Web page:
Action films usually include high energy, big-budget physical stunts and chases, possibly with rescues, battles, fights, escapes, destructive crises (floods, explosions, natural disasters, fires, etc.), non-stop motion, spectacular rhythm and pacing, and adventurous, often two-dimensional 'good-guy' heroes (or recently, heroines) battling 'bad guys' - all designed for pure audience escapism. Includes the James Bond 'fantasy' spy/espionage series, martial arts films, so-called 'blaxploitation' films, and some superhero films. A major sub-genre is the disaster film.
Adventure films are usually exciting stories, with new experiences or exotic locales, very similar to or often paired with the action film genre. They can include traditional swashbucklers, serialized films, and historical spectacles (similar to the epics film genre), searches or expeditions for lost continents, "jungle" and "desert" epics, treasure hunts, disaster films, or searches for the unknown.
Comedies are light-hearted plots consistently and deliberately designed to amuse and provoke laughter (with one-liners, jokes, etc.) by exaggerating the situation, the language, action, relationships and characters. This section describes various forms of comedy through cinematic history, including slapstick, screwball, spoofs and parodies, romantic comedies, black comedy (dark satirical comedy), and more.
Dramas are serious, plot-driven presentations, portraying realistic characters, settings, life situations, and stories involving intense character development and interaction. Usually, they are not focused on special-effects, comedy, or action, Dramatic films are probably the largest film genre, with many subsets. These include melodramas, epics (historical dramas), or romantic genres. Dramatic biographical films (or "biopics") are a major sub-genre, as are 'adult' films (with mature subject content).
Sci-fi films are often quasi-scientific, visionary and imaginative - complete with heroes, aliens, distant planets, impossible quests, improbable settings, fantastic places, great dark and shadowy villains, futuristic technology, unknown and unknowable forces, and extraordinary monsters ('things or creatures from space'), either created by mad scientists or by nuclear havoc. They are sometimes an offshoot of fantasy films (or superhero films), or they share some similarities with action/adventure films. Science fiction often expresses the potential of technology to destroy humankind and easily overlaps with horror films, particularly when technology or alien life forms become malevolent, as in the "Atomic Age" of sci-fi films in the 1950s.
Crime (gangster) films are developed around the sinister actions of criminals or mobsters, particularly bankrobbers, underworld figures, or ruthless hoodlums who operate outside the law, stealing and murdering their way through life. Criminal and gangster films are often categorized as film noir or detective-mystery films - because of underlying similarities between these cinematic forms. This category includes a description of various 'serial killer' films.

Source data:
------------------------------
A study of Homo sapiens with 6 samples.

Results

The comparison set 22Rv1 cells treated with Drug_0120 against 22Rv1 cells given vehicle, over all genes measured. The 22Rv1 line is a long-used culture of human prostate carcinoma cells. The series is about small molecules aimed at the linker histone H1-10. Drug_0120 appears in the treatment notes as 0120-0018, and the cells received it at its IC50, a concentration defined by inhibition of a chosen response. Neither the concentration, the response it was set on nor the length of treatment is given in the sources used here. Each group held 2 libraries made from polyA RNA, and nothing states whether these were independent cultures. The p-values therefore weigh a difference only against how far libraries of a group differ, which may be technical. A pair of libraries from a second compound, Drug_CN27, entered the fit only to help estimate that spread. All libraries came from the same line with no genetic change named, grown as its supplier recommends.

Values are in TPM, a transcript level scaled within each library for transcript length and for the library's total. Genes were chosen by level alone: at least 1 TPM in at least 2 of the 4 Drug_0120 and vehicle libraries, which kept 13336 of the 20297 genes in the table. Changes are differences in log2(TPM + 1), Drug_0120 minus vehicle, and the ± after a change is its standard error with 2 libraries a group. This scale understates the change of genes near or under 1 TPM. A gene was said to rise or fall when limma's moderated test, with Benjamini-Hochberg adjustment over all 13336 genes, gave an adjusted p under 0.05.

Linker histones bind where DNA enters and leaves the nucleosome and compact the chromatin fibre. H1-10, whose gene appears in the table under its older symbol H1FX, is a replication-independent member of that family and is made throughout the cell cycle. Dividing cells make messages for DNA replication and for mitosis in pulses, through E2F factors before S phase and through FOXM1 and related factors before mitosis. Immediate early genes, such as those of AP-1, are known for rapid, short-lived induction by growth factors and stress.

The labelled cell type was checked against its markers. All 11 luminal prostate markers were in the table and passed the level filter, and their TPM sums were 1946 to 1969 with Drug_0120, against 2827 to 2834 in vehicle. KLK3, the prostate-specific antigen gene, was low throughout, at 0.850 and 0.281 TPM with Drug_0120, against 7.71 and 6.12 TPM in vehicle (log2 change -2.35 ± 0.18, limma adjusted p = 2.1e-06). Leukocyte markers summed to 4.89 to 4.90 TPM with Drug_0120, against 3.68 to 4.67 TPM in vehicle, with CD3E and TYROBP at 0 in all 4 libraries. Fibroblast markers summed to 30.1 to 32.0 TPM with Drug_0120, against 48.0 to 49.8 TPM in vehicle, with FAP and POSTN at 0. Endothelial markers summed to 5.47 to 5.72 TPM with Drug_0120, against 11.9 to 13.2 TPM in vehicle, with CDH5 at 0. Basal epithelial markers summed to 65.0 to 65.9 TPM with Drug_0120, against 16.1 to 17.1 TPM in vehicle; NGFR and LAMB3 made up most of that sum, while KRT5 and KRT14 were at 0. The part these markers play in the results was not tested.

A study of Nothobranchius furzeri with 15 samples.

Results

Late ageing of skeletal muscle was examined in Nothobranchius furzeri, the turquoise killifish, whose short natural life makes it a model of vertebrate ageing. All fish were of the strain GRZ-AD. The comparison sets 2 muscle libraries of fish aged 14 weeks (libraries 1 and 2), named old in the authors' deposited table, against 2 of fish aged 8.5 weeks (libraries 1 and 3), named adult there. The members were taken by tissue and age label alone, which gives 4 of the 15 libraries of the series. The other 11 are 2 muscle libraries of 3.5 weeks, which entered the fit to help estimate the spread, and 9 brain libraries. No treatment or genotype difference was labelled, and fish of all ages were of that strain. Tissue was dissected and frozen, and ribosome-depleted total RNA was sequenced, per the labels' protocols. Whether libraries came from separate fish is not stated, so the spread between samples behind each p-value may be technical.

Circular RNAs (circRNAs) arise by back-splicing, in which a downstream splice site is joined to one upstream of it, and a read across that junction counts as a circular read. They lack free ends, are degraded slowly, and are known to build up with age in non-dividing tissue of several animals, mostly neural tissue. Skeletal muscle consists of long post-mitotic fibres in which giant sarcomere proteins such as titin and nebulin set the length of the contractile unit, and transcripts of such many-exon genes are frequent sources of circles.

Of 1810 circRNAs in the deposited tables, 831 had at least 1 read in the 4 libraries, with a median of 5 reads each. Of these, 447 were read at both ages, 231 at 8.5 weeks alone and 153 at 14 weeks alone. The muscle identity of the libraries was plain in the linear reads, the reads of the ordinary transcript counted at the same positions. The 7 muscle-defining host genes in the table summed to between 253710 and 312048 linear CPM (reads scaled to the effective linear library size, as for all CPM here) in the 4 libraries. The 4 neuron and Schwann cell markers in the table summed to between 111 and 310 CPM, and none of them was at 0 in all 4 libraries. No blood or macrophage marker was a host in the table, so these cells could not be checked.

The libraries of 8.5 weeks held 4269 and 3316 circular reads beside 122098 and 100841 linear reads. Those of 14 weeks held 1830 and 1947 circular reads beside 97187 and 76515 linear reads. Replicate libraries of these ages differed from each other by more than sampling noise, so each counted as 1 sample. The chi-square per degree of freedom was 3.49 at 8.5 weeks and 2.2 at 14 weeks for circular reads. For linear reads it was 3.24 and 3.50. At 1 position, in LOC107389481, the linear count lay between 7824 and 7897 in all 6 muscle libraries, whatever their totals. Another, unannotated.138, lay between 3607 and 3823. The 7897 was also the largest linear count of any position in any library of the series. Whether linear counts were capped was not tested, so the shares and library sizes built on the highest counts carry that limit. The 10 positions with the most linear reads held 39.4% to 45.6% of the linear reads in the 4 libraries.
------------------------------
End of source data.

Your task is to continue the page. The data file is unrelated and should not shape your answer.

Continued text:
War (and anti-war) films acknowledge the horror and heartbreak of war, letting the actual combat fighting (against nations or humankind) on land, sea, or in the air provide the primary plot or background for the action of the film. War films are often paired with other genres, such as action, adventure, drama, romance, comedy (black), suspense, and even epics and westerns, and they often take a denunciatory approach toward warfare. They may include POW tales, stories of military operations, and training.
Horror films are designed to frighten and to invoke our hidden worst fears, often in a terrifying, shocking finale, while captivating and entertaining us at the same time in a cathartic experience. Horror films feature a wide range of styles, from the earliest silent Nosferatu classic, to today's CGI monsters and deranged humans. They are often combined with science fiction when the menace or monster is related to a corruption of technology, or when Earth is threatened by aliens. The fantasy and supernatural film genres are not usually synonymous with the horror genre. There are many sub-genres of horror: slasher, teen terror, serial killers, zombies, Satanic, Dracula, Frankenstein, etc.
Musical/dance films are cinematic forms that emphasize full-scale scores or song and dance routines in a significant way (usually with a musical or dance performance integrated as part of the film narrative), or they are films that are centered on combinations of music, dance, song or choreography. Major subgenres include the musical comedy or the concert film.
Epics include costume dramas, historical dramas, war films, medieval romps, or 'period pictures' that often cover a large expanse of time set against a vast, panoramic backdrop. Epics often share elements of the elaborate adventure films genre. Epics take an historical or imagined event, mythic, legendary, or heroic figure, and add an extravagant setting and lavish costumes, accompanied by grandeur and spectacle, dramatic scope, high production values, and a sweeping musical score. Epics are often a more spectacular, lavish version of a biopic film. Some 'sword and sandal' films (Biblical epics or films occuring during antiquity) qualify as a sub-genre.
Westerns are the major defining genre of the American film industry - a eulogy to the early days of the expansive American frontier. They are one of the oldest, most enduring genres with very recognizable plots, elements, and characters (six-guns, horses, dusty towns and trails, cowboys, Indians, etc.). Over time, westerns have been re-defined, re-invented and expanded, dismissed, re-discovered, and spoofed.